Frank da Cruz, Bronx NY
Scans from color slides taken by my Dad (Frank da Cruz Sr.) in the early to mid 1950s. We lived on Kirby Road near the corner of what is now called Franklin Avenue (I don't think it had a name in those days) from 1947 to 1956 in a little subdivision of cinder-block cubes on quarter-acre lots built for returning WWII veterans about half a mile from Chesterbrook School, in what had been, up until then, an area of small family farms and expanses of forest. The place was called Chesterbrook, but I don't think that was ever an official name. In those days our mail address was Falls Church; now the same place is addressed as McLean. It's about midway along Old Dominion Drive between Arlington and what used to be the very small town of McLean (a Safeway, a feed store, a gas station, and a junk store on the four corners with what I think is today's Dolly Madison Boulevard). Kirby Road addresses have changed since then too, for example 5400 is now something like 1800. Thanks to George Gilmer (who lived there at the same time) for help with the details on many of these pages, and to "the new" Russell Hill (grandson of Russell Hill and son of Harry Hill) and to the real Jimmie Walker for filling in some of the remaining blanks.
On August 5, 2014, Jimmie Walker submitted the following history of the area:
It took some research on my part, but I came up with some interesting facts on the Chesterbrook Farmland, along Kirby Road, between Franklin Ave. and Halsey Road. The Kirby Family did, in fact, own a lot of property along Kirby Road, but it was further up toward Great Falls Street.
Across from present-day Chesterbrook Swim Club, a 28-Yr.-Old Pennsylvania Farmer, named Abraham Mutersbaugh, built a house there in the year 1858. Abraham "Abe" Mutersbaugh built his house in a grove of trees on 60 acres of farmland, there, right along Kirby Road. His house had tall columns on the front porch, and even dormer windows and a balcony on the top floor. This house was framed with cypress logs which were shipped from Louisiana, by freight, to the District of Columbia, and then by wagon to the sixty acre Abraham Mutersbaugh Farm.
Abraham Mutersbaugh was born Sept.1830 and died Oct. 1903 at age 73. He was buried at Oakwood Cemetery in Falls Church, VA With re-zoning from Falls Church to McLean, Abraham's house later became 1825 Kirby Road and was named "Eight Oaks" by a new owner. This historical house was preserved for many years.
Abraham's son, Alonzo Sherman Mutersbaugh (called Lonnie) was born Sept. 1866 and died Feb. 1950, at age 83. Like his dad, Alonzo was a farmer and he had sixty acres to work with. His wife, Elmira, rode from Abraham's house, through the surrounding farmland, gathering funds to build Chesterbrook Methodist Church. The Mutersbaugh Family was always very active at Chesterbrook Methodist Church. It seems likely that Alonzo Mutersbaugh sold his farmland to Mr. Karlstromer in 1946, about 4 years before he died, at age 83, in 1950.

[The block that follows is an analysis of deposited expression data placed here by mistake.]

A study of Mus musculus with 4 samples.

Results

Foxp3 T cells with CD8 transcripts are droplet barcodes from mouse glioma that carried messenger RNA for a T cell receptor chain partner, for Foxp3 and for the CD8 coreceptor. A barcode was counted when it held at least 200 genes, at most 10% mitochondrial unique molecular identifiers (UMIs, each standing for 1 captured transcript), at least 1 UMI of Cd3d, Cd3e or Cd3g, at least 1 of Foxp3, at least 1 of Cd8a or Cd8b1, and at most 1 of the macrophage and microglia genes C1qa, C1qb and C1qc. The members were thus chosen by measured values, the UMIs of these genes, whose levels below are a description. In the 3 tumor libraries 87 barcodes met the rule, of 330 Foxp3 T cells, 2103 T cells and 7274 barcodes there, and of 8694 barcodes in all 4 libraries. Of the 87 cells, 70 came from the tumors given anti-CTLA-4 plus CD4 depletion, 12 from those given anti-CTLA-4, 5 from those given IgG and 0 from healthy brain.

Alonzo Sherman Mutersbaugh had a son, Cline Monroe Mutersbaugh, who was very active in Chesterbrook while I was growing up. He as born in 1913 and died, of Alzheimer's disease, in 1995. I frequently saw him at church, at the grocery store, Bray's Esso, Chesterbrook School, etc. We went to school with his son, Donnie Mutersbaugh, and his wife, Anna, was the police lady at Chesterbrook Elementary School, before Mrs. Williams (Mike Williams' mother).
As a young man, Cline Mutersbaugh was NOT a farmer. He was a truck driver for Peoples Drug Stores, and then worked at the Naval Gun Factory, at the Washington Navy Yard during and after World War II. During the 1950's, Cline joined the Government Printing Office and later the Central Intelligence Agency as a repair machinist. He retired from the CIA in 1969.
In retirement, Mr. Mutersbaugh and his wife, Anna, operated McLean Sport and Hobby Shop and Mclean Art Store at the Salona Village Shopping Center until about 1975, when the stores were sold. Plastic model cars and model airplanes, their Hobby Shop had them all. Cline passed away on May 23rd 1995, and was buried at National Memorial Park, on Lee Highway, in Falls Church.
Mr. Karlstromer is the one who built all the cinderblock cube houses, and lived with his family in one of them, on the far side of the Chittendens' (see map). For more history see this page, and bits and pieces of other pages in this gallery.